Put the Best Books in Your Pocket

April 4, 2019 | 2 min read

Bloodchild
Is it sci-fi? Is it literary fiction? Who cares! It’s amazing. Butler’s legendary collection of stories about aliens, people with mysterious illnesses and gifts, and futuristic and parallel worlds has as much to say about human nature as 10 realist novels.

Willa Cather
My Antonia
Cather’s classic masterpiece tells the story of two American children who are brought into the Wild West in the late 1800s. Nebraska changes them forever. The novel also changed literature’s vision of America’s pioneering past.

Joan Didion
The White Album
In her seminal second collection, which profiles America in the ’60s and ’70s, Didion sweepingly redefines the capabilities of the contemporary essay, blurring the lines between journalism and memoir and shaking the earth with her incredible deadpan sentences.

Fyodor Dostoyevsky
Notes from the Underground
Philosophical ramblings? Wise madness? Often referred to as one of the first existentialist works, this innovative novella by Dostoevsky still crackles with wit and power.

F. Scott Fitzgerald
Tales of the Jazz Age
Fitzgerald’s classic collection of stories enshrined an opulent era in America’s past. It features some of the author’s best-loved tales—including “The Curious Case of Benjamin Button” and “The Diamond as Big as the Ritz”—stories that have almost become parts of American mythology.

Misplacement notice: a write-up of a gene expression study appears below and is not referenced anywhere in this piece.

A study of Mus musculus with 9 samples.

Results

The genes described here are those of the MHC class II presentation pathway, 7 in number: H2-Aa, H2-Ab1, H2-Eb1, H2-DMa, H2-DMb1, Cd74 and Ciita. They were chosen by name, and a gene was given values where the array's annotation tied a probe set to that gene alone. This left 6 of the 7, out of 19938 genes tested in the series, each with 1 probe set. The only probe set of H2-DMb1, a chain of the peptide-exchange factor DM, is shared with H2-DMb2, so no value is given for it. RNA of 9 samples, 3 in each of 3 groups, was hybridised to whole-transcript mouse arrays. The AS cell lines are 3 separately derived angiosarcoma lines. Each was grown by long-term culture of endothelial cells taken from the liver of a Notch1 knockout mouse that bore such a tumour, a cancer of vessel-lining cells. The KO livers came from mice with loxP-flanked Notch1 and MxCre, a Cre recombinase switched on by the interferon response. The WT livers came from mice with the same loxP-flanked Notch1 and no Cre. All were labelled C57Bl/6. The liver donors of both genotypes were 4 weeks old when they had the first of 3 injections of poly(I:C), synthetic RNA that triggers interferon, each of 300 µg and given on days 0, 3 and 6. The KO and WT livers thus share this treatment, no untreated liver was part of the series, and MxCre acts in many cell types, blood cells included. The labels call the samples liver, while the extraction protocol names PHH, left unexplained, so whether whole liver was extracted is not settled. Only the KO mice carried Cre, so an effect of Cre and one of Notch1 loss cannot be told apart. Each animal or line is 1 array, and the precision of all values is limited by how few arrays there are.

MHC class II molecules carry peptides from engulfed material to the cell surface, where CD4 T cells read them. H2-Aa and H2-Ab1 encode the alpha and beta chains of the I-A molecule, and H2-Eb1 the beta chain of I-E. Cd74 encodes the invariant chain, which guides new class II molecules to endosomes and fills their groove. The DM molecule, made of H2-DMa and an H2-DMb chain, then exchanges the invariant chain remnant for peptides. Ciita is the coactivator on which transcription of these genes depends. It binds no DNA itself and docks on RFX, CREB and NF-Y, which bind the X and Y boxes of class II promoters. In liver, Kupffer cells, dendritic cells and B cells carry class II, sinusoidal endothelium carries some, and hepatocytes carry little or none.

Gustave Flaubert
Madame Bovary
This classic 1857 novel about a woman bent on escaping the boredom of her small-town life caused an uproar. Flaubert was tried for obscenity, and the story is no less hair-raising today.

Henry James
The Bostonians
Get lost in James’s labyrinthine sentences in one of his most overtly political novels, the story of a trio of characters whose lives are upended by the feminist movement in late 19th-century Boston.

Rick Moody
The Ice Storm
Moody’s legendary debut novel—which was adapted into an acclaimed 1997 film— follows two families trapped by an ice storm in the early ’70s. Unraveling family dynamics and the politics of the sexual revolution heat things up, no matter the weather.

Iris Murdoch
An Unofficial Rose
A twisting tale of marriage, adultery, and thwarted longing, Murdock’s masterful sixth novel asks impossible questions about love and freedom.

Walker Percy
The Moviegoer
Winner of the National Book Award, Percy’s first and best-known novel follows Binx Bolling, a lost soul living in postwar New Orleans. Fighting the demons of his past, he seeks solace in movies, which often feel more real to him than his life.


Image credit: Unsplash/James Tarbotton.